Fertility Treatment Drugs- How They Work
Most women who are trying to conceive are familiar with at least a couple of different fertility drugs. However, most women don’t really completely and fully understand how these drugs work. Today we are going to explore and try to explain how some of the most popular fertility drugs actually work to help women conceive.
Clomid is by far the most popular fertility drug on the market today. It is an oral medication, which means it is taken by mouth. It is a medication that has been used for more than 25 years with great success in stimulating ovulation in women.
Clomid is helpful for women who have irregular ovulation, unexplained infertility, or other ovulation related issues. It works by blocking estrogen receptors at the hypothalamus, which is an important “hormonal control center” for the body.
When this happens, the hypothalamus is stimulated to release follicle stimulating hormone (FSH), and luteinizing hormone (LH). These are the naturally occurring ovarian stimulants, which prompt ovulation in a normal cycle.
Another oral medication that is sometimes used for fertility reasons is Metformin. However, using Metformin for fertility is considered an “off label” use.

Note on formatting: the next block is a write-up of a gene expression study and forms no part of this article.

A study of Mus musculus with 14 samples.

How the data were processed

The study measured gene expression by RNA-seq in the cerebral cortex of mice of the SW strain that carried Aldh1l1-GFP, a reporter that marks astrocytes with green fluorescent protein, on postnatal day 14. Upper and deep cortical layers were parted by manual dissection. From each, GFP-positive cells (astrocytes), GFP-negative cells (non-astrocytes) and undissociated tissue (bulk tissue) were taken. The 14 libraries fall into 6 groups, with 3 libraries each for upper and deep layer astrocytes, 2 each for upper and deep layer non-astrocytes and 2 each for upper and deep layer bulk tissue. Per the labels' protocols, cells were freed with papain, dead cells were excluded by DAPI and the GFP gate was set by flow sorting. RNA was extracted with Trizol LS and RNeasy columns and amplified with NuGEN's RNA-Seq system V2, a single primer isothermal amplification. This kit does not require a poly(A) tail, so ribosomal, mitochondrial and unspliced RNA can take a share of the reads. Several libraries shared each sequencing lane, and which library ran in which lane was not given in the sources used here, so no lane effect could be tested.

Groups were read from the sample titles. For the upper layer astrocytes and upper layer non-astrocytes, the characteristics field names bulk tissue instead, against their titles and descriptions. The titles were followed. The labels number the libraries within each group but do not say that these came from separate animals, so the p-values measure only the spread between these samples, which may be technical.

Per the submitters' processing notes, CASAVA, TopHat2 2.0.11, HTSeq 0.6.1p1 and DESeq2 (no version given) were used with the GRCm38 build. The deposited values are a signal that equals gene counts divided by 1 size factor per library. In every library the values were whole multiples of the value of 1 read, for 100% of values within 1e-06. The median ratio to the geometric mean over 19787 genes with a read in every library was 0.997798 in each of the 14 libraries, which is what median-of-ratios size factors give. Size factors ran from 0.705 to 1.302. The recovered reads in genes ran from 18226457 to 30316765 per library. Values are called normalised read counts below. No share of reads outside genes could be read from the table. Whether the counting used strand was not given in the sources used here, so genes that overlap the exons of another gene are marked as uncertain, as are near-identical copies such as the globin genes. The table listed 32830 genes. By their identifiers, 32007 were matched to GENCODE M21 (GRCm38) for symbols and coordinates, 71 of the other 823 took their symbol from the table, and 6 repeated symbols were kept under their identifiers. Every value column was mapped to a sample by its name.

This is because the drug is usually used to help diabetes patients manage their insulin levels. Metformin is occasionally used to treat women with fertility issues related to PCOS, or PolyCystic Ovarian Syndrome.
Women with PCOS usually have excess levels of insulin, and this can lead to higher levels of androgens, or male hormones, in the body. Metformin, and other insulin-sensitizing medications, help to lower the excess levels of insulin in the body.
Gonadotropins are injectable fertility drugs that contain hormones, usually either FSH or LH. Two natural gonadotropins are hormones secreted each month cycle from the pituitary gland in the brain during a woman’s menstrual cycle.
These well-known hormones are luteinizing hormone (LH) and follicle stimulating hormone (FSH), whose purpose is to stimulate the ovaries to produce eggs. Elevated blood levels of FSH indicate that the ovary is maturing.
When an egg is mature, there is a surge in LH levels, which triggers ovulation – the release of an egg into the fallopian tubes. When a woman has problems with her LH or FSH levels, gonadotropins can be used to help regulate those levels and help the body do what it is supposed to do.
These drugs are only available as injections since they are inactivated by the instestinal tract. Gonadotropins are usually used in conjunction with IUI or IVF therapy.